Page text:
6

I have the following Java classes:

public class A
{
    @Autowired
    private B b;
    public int aFn()
    {
        int something = b.bFn();
    }
}
public class B
{
    @Autowired
    private C c;
    public int bFn()
    {
        int something = c.cFn();
    }
}
public class C
{
    public int cFn()
    {
        return 231;
    }
}

And the following test using Mockito to test the above code:

public class test
{
    @Autowired
    private A a;

    private C c;

    @Test
    public void testA()
    {
        c = mock(C.class);
        when(c.cFn(),anyInt()).thenReturn(something);
        assertEquals(0, a.aFn());
    }
}

When I debug testA, I find that real c.Cfn() gets executed, not the mocked one. Is there anything what I am doing incorrectly here? Please help!

2 Answers 2

11

First of all, you should always mock the direct dependencies of an object, and not its transitive dependencies. So you should mock B, and not C, to test A. Then you would write a unit test for B by mocking C.

Second: you're not injecting the mock anywhere in the unit test. What you should have is:

public class Test {

    // not autowired here
    private A a;

    private B mockB;

    @Test
    public void testA() {
        mockB = mock(B.class);
        when(b.bFn(), anyInt()).thenReturn(something);

        // the missing part: injecting the mock into the tested object
        a = new A(mockB);
        // or a = new A();
        //    a.setB(mockB);

        assertEquals(0, a.aFn());
    }
}

When you use mock(B.class), you get one mock instance of B. That doesn't mean that all the other instances of B will do what the mock does.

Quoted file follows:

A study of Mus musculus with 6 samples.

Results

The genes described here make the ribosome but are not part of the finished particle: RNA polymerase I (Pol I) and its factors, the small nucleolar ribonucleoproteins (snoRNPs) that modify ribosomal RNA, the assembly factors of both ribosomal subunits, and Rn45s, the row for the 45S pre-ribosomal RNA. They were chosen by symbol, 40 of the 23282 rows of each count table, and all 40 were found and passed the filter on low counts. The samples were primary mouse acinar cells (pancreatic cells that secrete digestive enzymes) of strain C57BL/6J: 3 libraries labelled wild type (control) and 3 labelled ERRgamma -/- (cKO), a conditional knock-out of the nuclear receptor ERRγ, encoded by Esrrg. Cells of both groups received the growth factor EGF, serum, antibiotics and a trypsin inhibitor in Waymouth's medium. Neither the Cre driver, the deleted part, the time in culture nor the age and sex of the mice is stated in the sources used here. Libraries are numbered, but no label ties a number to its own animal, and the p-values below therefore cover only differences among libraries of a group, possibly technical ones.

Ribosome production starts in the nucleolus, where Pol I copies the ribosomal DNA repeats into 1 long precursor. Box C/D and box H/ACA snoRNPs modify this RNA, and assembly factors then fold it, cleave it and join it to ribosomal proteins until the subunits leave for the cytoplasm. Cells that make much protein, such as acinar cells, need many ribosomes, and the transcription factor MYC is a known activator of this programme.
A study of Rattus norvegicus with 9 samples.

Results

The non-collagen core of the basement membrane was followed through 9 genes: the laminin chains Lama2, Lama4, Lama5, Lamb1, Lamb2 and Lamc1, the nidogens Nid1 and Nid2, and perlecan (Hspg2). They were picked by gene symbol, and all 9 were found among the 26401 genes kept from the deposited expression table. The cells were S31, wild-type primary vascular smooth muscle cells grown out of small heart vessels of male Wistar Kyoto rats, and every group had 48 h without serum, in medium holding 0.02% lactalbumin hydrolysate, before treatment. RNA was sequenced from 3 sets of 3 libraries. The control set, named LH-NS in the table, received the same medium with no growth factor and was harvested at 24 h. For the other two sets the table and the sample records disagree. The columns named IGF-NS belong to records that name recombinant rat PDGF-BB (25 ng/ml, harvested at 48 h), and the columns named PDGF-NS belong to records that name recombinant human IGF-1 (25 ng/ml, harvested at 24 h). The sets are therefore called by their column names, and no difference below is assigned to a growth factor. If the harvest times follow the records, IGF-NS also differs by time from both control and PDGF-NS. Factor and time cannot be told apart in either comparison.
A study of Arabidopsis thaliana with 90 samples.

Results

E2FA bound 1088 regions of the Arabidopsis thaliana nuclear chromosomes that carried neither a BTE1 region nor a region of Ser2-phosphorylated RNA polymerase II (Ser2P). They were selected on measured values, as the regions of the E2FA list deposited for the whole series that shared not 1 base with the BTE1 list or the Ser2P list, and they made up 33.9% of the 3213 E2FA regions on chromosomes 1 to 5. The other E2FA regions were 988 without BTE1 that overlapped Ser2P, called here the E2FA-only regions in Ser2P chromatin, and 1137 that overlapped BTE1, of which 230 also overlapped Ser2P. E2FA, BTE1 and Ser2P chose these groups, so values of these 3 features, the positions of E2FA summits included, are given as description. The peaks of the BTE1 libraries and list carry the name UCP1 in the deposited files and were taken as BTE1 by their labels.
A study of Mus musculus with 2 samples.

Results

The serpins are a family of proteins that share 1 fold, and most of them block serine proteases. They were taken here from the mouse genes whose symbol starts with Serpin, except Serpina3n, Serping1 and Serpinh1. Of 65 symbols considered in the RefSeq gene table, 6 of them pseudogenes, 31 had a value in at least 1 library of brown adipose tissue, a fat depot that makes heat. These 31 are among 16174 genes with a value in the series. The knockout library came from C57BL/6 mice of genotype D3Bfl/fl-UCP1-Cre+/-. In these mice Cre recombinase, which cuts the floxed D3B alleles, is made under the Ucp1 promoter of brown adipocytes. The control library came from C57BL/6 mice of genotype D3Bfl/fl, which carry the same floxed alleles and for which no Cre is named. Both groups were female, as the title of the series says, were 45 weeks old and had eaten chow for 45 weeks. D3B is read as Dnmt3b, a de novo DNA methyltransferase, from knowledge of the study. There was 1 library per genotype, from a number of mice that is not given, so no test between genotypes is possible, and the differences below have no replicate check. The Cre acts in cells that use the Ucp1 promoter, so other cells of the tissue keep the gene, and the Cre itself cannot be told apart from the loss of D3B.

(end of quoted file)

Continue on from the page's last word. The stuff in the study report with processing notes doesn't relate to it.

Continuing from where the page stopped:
Mocking C to test A is a bad practice: unit tests should test one class in isolation of the others. But if you really want that, then create a mock C, create a B and inject the mock C inside it, then create an A and inject the B inside it.

A --> B --> mockC
4
  • I want to stub c.cFn, not b.bFn. What should be done for that? Aug 21, 2013 at 16:05
  • That's a bad practice. Unit tests should test one class in isolation of the others. But if you want that, then create a mock C, create a B and inject the mock C inside it, then create an A and inject the B inside it. A --> B --> mockC.
    – JB Nizet
    Aug 21, 2013 at 16:07
  • Thanks. Please modify your answer according to that. Aug 21, 2013 at 16:08
  • 2
    JB, you've only talked about unit tests, but the question never specified that the test was a unit test, or that the SUT was a single class. It makes sense in many contexts to have a test where the SUT consists of more than one class - in this case class A and class B. I frequently write such tests myself, particularly if class B contains much of the logic that helps fulfil the contract of class A. I disagree with your characterisation of this as a "bad practice", so long as it's clear which classes are covered in which tests. The last paragraph of your answer saved you, and won you my upvote! Aug 22, 2013 at 0:29
0

Forget whether what you want to mock is direct or nested. Think of it from Spring's philosophical point of view.

What you are essentially want to do is mock a bean.

In your case, you have to mock bean for Class c using @MockBean annotations.

@RunWith(SpringRunner.class)
public class Test {
...
@MockBean private C c;
...
}

Please refer this article for details.